Patients were either already on a patch that delivers estrogen through the skin before the study began or were prescribed one. Patches were changed twice weekly and released daily doses of estrogen.

    The study confirmed that ERT had subtle but specific effects on sleep. For instance, ERT significantly increased the amount of time patients had REM sleep and reduced the time spent awake from 20 to 12 minutes during the first two sleep cycles of the night. A sleep cycle is a period of non-REM sleep followed by a minimum of five minutes of REM sleep. A sleep cycle can last approximately 70 to 120 minutes and be repeated four to six times a night.

    The authors noted changes in deep sleep that mimicked the deep sleep patterns seen in younger, healthy individuals. People with sleep difficulties and depressed people do not have such patterns. They also found evidence that ERT appeared to play a role in the improvement of cognitive functioning, according to Antonijevic.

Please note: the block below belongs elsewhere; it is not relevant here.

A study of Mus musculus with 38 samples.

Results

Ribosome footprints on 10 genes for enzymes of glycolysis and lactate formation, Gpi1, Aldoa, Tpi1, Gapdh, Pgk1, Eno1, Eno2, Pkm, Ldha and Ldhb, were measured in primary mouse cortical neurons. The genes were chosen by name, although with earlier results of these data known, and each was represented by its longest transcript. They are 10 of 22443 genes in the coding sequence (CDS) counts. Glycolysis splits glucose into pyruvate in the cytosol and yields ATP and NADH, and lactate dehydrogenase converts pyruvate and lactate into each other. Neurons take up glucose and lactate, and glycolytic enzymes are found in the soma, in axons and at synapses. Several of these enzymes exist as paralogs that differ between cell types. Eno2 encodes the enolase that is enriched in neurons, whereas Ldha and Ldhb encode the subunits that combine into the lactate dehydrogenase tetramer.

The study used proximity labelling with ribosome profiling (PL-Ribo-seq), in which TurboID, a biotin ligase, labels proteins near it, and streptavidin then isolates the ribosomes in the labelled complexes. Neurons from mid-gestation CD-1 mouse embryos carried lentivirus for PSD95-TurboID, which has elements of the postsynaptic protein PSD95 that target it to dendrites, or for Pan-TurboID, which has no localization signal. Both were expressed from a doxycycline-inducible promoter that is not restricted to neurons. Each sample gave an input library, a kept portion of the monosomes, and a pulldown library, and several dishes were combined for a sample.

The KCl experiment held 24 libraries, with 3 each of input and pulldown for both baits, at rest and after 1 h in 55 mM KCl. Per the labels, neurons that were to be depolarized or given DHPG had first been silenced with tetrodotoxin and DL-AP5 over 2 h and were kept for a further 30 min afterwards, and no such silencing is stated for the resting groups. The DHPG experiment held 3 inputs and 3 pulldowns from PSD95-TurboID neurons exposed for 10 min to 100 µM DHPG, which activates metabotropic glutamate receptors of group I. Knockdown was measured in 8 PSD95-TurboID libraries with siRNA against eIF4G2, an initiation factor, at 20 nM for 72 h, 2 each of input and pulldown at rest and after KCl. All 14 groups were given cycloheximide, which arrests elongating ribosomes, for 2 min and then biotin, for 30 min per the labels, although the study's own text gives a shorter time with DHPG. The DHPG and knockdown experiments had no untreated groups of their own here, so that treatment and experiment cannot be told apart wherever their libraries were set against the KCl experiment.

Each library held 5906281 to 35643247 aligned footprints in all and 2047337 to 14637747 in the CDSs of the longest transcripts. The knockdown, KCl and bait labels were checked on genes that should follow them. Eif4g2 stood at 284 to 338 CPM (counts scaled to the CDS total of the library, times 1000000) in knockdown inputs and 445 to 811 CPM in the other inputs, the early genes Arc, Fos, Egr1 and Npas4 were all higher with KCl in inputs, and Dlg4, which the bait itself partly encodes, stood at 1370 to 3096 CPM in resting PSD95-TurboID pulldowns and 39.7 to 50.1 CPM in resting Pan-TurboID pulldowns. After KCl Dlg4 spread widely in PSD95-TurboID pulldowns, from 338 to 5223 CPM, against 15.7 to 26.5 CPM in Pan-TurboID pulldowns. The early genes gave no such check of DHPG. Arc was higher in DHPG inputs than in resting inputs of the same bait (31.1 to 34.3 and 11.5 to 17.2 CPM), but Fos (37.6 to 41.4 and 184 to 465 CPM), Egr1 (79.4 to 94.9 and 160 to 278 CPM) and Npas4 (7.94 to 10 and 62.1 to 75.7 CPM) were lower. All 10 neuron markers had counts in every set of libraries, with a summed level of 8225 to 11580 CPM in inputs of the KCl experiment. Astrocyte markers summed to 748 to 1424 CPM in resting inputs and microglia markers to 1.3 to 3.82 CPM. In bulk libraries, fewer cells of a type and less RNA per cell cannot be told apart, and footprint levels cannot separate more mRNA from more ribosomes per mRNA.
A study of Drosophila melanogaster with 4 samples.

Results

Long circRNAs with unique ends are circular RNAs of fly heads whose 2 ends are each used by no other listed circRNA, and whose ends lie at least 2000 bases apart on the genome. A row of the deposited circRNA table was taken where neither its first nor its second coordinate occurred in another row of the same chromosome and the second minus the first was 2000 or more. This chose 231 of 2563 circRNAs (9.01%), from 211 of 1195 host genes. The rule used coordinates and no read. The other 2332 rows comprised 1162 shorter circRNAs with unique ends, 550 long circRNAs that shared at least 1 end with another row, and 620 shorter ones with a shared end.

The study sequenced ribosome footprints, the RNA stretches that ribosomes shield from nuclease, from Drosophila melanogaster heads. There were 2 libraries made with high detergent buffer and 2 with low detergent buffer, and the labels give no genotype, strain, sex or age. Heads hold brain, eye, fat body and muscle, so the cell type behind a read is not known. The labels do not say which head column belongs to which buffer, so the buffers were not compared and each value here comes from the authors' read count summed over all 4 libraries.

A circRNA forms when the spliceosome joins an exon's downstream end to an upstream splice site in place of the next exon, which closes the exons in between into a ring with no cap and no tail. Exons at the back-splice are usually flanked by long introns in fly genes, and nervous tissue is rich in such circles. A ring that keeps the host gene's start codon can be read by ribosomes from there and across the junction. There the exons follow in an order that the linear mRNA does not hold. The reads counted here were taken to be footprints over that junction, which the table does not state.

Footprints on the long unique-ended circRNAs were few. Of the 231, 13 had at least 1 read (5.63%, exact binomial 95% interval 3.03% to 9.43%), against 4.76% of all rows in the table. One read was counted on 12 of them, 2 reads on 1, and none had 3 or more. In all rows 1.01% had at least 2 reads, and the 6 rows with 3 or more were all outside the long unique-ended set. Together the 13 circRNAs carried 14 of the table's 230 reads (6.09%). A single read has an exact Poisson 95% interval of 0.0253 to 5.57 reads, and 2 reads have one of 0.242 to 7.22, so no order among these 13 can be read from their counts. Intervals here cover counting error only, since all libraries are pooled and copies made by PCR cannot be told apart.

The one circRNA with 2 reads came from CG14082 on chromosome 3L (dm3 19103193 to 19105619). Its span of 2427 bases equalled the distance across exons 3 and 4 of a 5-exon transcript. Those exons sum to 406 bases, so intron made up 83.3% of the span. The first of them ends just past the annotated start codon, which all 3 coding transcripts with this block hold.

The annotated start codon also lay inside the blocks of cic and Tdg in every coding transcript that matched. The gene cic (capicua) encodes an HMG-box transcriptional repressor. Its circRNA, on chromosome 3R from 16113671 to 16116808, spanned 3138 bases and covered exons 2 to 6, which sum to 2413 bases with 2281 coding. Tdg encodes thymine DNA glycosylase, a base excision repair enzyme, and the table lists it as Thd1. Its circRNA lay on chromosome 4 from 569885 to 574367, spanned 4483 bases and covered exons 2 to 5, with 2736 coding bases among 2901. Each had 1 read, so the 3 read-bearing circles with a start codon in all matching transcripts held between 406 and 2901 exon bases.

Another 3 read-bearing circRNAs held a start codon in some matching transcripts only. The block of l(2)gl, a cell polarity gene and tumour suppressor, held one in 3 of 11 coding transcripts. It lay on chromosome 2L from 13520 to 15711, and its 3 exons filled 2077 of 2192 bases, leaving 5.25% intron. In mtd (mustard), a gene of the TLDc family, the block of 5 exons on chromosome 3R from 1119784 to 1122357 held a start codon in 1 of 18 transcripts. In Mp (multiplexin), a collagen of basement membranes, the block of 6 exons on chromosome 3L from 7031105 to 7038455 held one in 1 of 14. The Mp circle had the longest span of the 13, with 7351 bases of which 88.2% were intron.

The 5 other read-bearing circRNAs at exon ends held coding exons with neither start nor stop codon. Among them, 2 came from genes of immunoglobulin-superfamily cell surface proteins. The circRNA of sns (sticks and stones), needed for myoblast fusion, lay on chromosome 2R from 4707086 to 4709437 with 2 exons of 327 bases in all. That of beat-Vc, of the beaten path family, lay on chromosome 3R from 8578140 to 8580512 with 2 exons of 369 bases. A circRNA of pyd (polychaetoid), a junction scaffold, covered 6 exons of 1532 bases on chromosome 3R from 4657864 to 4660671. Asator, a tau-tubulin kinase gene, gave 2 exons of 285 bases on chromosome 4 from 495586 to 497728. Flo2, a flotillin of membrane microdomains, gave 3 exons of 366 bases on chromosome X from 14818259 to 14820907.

Without ERT, 10 of the 11 women rated their sleep as dissatisfying and reported three to five awakenings per night. That ratio changed dramatically after ERT, as 10 of the 11 women rated the quality of their sleep as very or quite satisfying, with only one or two awakenings per night.

    "The improvement of sleep with ERT in menopausal women was documented in the late 1970s in England and we documented it in 1980," Quentin Regestein, MD, of the psychiatry department at Harvard Medical School, tells WebMD. "We also found the women got to sleep faster and had more REM -- but we didn't show some of the details, like the decrease in [deep] sleep these people have found." Regestein, however, was quite impressed with the reported change in sleep satisfaction after ERT, a finding he says is "extremely telling."

    Menopausal patients with sleep problems should keep track of their sleep with a sleep diary, Trupin says. Then "they should have a general evaluation with a health care provider to rule out other medical causes of insomnia. If the patient is postmenopausal and a candidate for estrogen, most physicians would then probably recommend ERT as the next step."